On the Ground: Van Gogh lives here. So does Rembrandt. A Chinese village where the great masters live on (in replication)
A Van Gogh still life hangs in a budget hotel room. An abstract, black and gray composition brightens a corporate office. A Paris street scene gathers dust in a kitschy bar.
The artist behind any of these may well have been Xie Chunti, a 31-year-old resident of the Dafen Oil Painting Village, a community in the southern Chinese boomtown of Shenzhen that once produced 60% of the world’s imitation oil painting masterpieces.
The village, a labyrinth of low-lying tile buildings and dark, narrow alleys, is home to an estimated 5,000 workers and 800 shops, most of which sell huge stacks of imitation art. Its artists, many of them classically trained, spend their days painting replicas of masterpieces by Picasso, Warhol, Monet, Rembrandt and others, each a testament to China’s prowess at producing mass quantities of inexpensive things.
Yet hard times have fallen on Dafen. As labor costs rise, printing technology improves and foreign customers look elsewhere, artists such as Xie are struggling to survive. Some are hanging up their brushes entirely.
“A lot of artists have given up and left,” said Xie, an art school graduate from the southeastern province of Jiangxi, as she hawked small Van Gogh replicas by the roadside. “Before, the international market was huge, and profits were high; we’d sell two or three paintings a day and be able to feed our families. Now we sell five or six, and we still can’t.”
Experts say that Dafen is a microcosm of China’s economy at large. Beijing is attempting to shed the country’s decades-old growth model — one based on manufacturing and investment — for a more sustainable, innovation-oriented economic future. Out are dingy factories; in are tech start-ups and shiny office parks.
The transition has been rocky. In 2015, China recorded its slowest growth in 25 years, and manufacturing workers in Guangdong province, a place once known as the “world’s factory floor,” have been among the hardest hit.
“Dafen village is just like other coastal cities in Guangdong,” said Zhou Zhengbing, a professor at the Central University of Finance and Economics in Beijing who researches China’s cultural economy. “They’re focused on labor-intensive products…. These years, the economy is slowing down, demand is decreasing, yet labor costs are going up. For all these reasons, there are limited opportunities for the people who work there.”
Dafen was a farming and fishing village until 1989, when Huang Jiang, a Hong Kong entrepreneur and master art copier, moved there with about 20 other artists. The village was cheap, he told the state-run China Daily newspaper in 2011, and was only a short drive from Hong Kong. He had been selling a few dozen copied paintings each month to foreign buyers, most from the United States and Europe; knowing the market’s potential, he began teaching other artists his trade.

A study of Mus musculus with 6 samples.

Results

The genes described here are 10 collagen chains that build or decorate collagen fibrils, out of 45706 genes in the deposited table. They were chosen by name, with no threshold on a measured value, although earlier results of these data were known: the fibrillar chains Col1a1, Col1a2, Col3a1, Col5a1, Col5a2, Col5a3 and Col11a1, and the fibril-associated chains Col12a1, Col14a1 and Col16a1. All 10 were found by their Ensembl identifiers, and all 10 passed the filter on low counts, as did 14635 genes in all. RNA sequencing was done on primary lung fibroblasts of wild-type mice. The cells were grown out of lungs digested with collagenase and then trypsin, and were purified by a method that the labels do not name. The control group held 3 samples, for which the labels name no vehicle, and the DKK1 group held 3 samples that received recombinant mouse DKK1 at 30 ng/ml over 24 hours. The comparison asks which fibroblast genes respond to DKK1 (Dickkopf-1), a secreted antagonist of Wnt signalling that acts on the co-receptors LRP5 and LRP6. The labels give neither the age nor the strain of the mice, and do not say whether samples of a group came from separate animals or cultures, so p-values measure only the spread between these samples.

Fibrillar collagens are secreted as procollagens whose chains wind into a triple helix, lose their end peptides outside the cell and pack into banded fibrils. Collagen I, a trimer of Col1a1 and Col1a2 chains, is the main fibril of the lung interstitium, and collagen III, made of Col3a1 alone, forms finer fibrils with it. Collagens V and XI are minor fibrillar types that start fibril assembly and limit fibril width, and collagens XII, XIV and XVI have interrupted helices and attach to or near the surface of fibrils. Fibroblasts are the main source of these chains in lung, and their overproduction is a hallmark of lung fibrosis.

Over the years, demand skyrocketed, the village blossomed and Huang grew rich. Graduates from China’s art academies flocked to Dafen; they’d train for three to six months, learning to paint up to 20 masterpieces a day. They’d specialize in certain forms: Renaissance portraits, floral still lifes, Monets.
Nobody would mistake them for con artists — their works are unabashedly copies, and cost anywhere from a few dollars to a few hundred. Dafen’s painters have argued that the original works are in the public domain, as their artists died more than 70 years ago (though the Andy Warhol and Thomas Kinkade estates would probably disagree).
Now, residents are trying to adjust their craft to accommodate the new economy. As foreign buyers flag, they’ve been targeting the domestic market, swapping their Picassos for traditional Chinese landscape paintings and bright, colorful portraits.
They’re also spending more time on their work. Rather than churning out 15 imitation Warhols a day, they’re painting originals — and selling them at a premium. A village museum showcases some of the local talent: Their paintings depict wind-swept Tibetan nomads, determined People’s Liberation Army soldiers, young urban women speaking on cellphones.
This is a common dynamic, according to Zhou. Across the province, factories are replacing their workers with automated systems. Some workers master the new technologies, and manage to live well; others fail and return to their rural hometowns.
“I think we should place [Dafen’s] issues in a greater context,” Zhou said. “We shouldn’t be looking at this issue as an art issue. This is a labor issue.”
Lin Jinghong, the owner of Hongyi Oil Paintings, a small shop stocked with paintings of horses, said that his business has been performing well with domestic tourists and wholesalers from Russia. “You build relationships, and people come back to you,” he said. “Only a few people leave — maybe they’re just bad painters. There are still opportunities here.”
Yet he fears that improved printing technology could someday drive him out of business. “This is really scary,” he said. “It’s been a trend over the past two years or so. Hotels and other customers, now they’re using printing services.”
Liu Yaming, a shopkeeper and 17-year Dafen resident, was also optimistic about the village’s future. “Some artists are very creative, and the market will acknowledge them,” he said. “People start by copying, then they want to create their own things. That’s a route to innovation.”
He noted that most of Dafen’s paintings, especially its highest-quality ones, are not created on assembly lines; they’re painted by individuals. If a factory fails, its workers lose their jobs; if a Dafen workshop goes under, its artists still have the means to thrive.
“Over the past 10 or 20 years here, people have just kept on adapting,” he said. “It’s a place that emerged organically. So it’s not just going to disappear.”
Nicole Liu in The Times’ Beijing bureau contributed to this report.